In a letter to Aker, Ghana’s Minister of Energy asserts that the company’s offshore exploration and development license in Ghana is invalid. Aker does not see any foundation for such an assertion.
In November 2008, Aker was awarded an ownership interest in and operatorship of a petroleum offshore exploration and development license at a deepwater field off the coast of Ghana on Africa’s west coast. The petroleum agreement had been negotiated with the national oil company GNPC and the then current government of Ghana, and was presented to and ratified by Ghana’s Parliament (see enclosure). Subsequently, elections have been held in Ghana and a new government is in power.
“Over the past six months we have had indications that the new administration is seeking to withdraw our license agreement. These signals have now been confirmed in the letter from the Minister that states that the agreement is considered invalid. The reason given is that the agreement does not meet legal requirements that a Ghanaian company must be party to the agreement. We see no basis in law or fact for this claim,” says Aker’s investment manager Maria Mor?us Hanssen, who oversees Aker’s interests in Ghana.
“Aker Ghana and Aker have acted as required. The agreement has been entered into as it was unanimously adopted by Ghana’s Parliament. Our subsidiary in Ghana has assumed the responsibilities under the agreement, and offered to formally enter into the agreement, as required by law. Naturally, we have regarded the agreement as valid, and we have, with the understanding of other Ghanaian authorities, gathered and processed seismic survey data to an extent that exceeds our obligations under the petroleum agreement,” says Ms. Morus Hanssen.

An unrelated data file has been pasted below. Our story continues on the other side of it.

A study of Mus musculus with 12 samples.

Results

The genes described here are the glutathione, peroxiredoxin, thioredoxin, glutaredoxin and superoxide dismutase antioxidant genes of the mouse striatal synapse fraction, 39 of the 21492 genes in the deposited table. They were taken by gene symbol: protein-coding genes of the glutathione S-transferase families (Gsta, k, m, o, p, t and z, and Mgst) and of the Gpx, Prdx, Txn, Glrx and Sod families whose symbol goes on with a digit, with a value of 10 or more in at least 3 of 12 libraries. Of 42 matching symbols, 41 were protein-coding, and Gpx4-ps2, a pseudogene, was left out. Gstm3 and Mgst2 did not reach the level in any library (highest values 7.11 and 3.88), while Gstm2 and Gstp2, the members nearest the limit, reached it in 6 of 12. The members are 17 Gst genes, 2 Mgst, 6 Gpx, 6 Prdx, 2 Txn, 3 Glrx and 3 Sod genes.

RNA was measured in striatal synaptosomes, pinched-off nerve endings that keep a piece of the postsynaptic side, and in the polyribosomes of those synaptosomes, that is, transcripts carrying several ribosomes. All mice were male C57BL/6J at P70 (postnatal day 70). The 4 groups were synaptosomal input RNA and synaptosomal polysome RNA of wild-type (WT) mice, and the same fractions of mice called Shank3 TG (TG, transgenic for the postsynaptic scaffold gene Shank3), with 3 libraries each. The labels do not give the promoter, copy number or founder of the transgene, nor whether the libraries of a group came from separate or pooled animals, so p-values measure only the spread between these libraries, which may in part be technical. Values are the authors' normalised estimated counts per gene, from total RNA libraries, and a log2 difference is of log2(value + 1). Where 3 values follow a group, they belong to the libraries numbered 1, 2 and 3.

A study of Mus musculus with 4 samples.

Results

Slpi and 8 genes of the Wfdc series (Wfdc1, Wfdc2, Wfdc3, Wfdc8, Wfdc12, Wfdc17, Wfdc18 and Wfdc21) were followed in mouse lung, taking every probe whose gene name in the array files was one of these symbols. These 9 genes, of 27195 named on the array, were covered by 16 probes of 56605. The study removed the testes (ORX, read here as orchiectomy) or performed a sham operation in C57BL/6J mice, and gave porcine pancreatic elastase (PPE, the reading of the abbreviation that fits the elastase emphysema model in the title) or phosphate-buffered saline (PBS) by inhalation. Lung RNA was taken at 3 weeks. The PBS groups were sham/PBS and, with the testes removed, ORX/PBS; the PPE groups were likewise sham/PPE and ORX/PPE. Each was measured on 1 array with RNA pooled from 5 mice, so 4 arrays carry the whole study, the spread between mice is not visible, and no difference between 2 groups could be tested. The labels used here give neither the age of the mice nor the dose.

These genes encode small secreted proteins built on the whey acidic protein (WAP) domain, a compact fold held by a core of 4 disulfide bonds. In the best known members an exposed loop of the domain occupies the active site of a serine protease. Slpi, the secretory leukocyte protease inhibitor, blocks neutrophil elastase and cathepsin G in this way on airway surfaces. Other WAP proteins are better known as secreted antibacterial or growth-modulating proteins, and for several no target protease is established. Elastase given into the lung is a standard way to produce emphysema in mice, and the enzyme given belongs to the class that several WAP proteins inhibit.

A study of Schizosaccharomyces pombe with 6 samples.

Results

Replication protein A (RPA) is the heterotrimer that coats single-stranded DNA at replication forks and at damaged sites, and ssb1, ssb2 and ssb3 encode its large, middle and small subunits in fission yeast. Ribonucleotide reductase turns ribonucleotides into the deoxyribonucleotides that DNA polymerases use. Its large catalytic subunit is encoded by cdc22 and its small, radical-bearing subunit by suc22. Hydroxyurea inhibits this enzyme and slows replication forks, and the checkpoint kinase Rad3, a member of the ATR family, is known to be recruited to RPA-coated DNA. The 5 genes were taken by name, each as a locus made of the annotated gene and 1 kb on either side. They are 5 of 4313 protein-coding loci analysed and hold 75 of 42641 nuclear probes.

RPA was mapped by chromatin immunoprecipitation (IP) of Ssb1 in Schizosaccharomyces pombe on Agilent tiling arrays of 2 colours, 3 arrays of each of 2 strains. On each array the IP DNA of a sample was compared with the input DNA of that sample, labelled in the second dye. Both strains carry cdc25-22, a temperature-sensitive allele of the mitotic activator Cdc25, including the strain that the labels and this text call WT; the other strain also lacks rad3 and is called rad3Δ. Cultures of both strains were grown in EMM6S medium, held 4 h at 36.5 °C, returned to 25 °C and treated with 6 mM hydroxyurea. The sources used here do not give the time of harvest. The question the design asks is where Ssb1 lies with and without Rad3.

In the letter the Minister also raises questions regarding Aker’s local partner Chemu Power. Chemu has been subjected to a smear campaign appearing in Ghana’s media accompanied by attempts to link the company to rumors about improper conduct in a matter unrelated to Aker and the petroleum agreement.
Aker’s agreements with Chemu were made at the encouragement of Ghanaian authorities to include a local partner and there has been complete transparency regarding Chemu’s five-percent ownership interest in the license. Chemu’s role is also known and identified in the petroleum agreement that was put forth and approved by Ghana’s elected representatives. Across-the-board transparency has been a key requisite for Aker.
A careful investigation by Aker of Chemu prior to entering into their business relationship did not uncover any questionable issues or concerns associated with either Chemu or its principals. To further protect Aker’s interests, Aker insisted that the agreement with Chemu feature clauses that provide for termination of the local partner agreement in the event that Chemu had acted, or acts, illegally or in a way that contravenes commonly accepted business practices.
“No such improprieties have been uncovered, but we are, naturally, monitoring the situation carefully,” says Ms. Moraus Hanssen. She notes that the cooperation with Chemu so far has been of limited scope. In total, Aker has paid Chemu approximately NOK 2 million as payment for documented costs related to administrative services of a practical nature performed in Ghana, including payment for rent and personnel.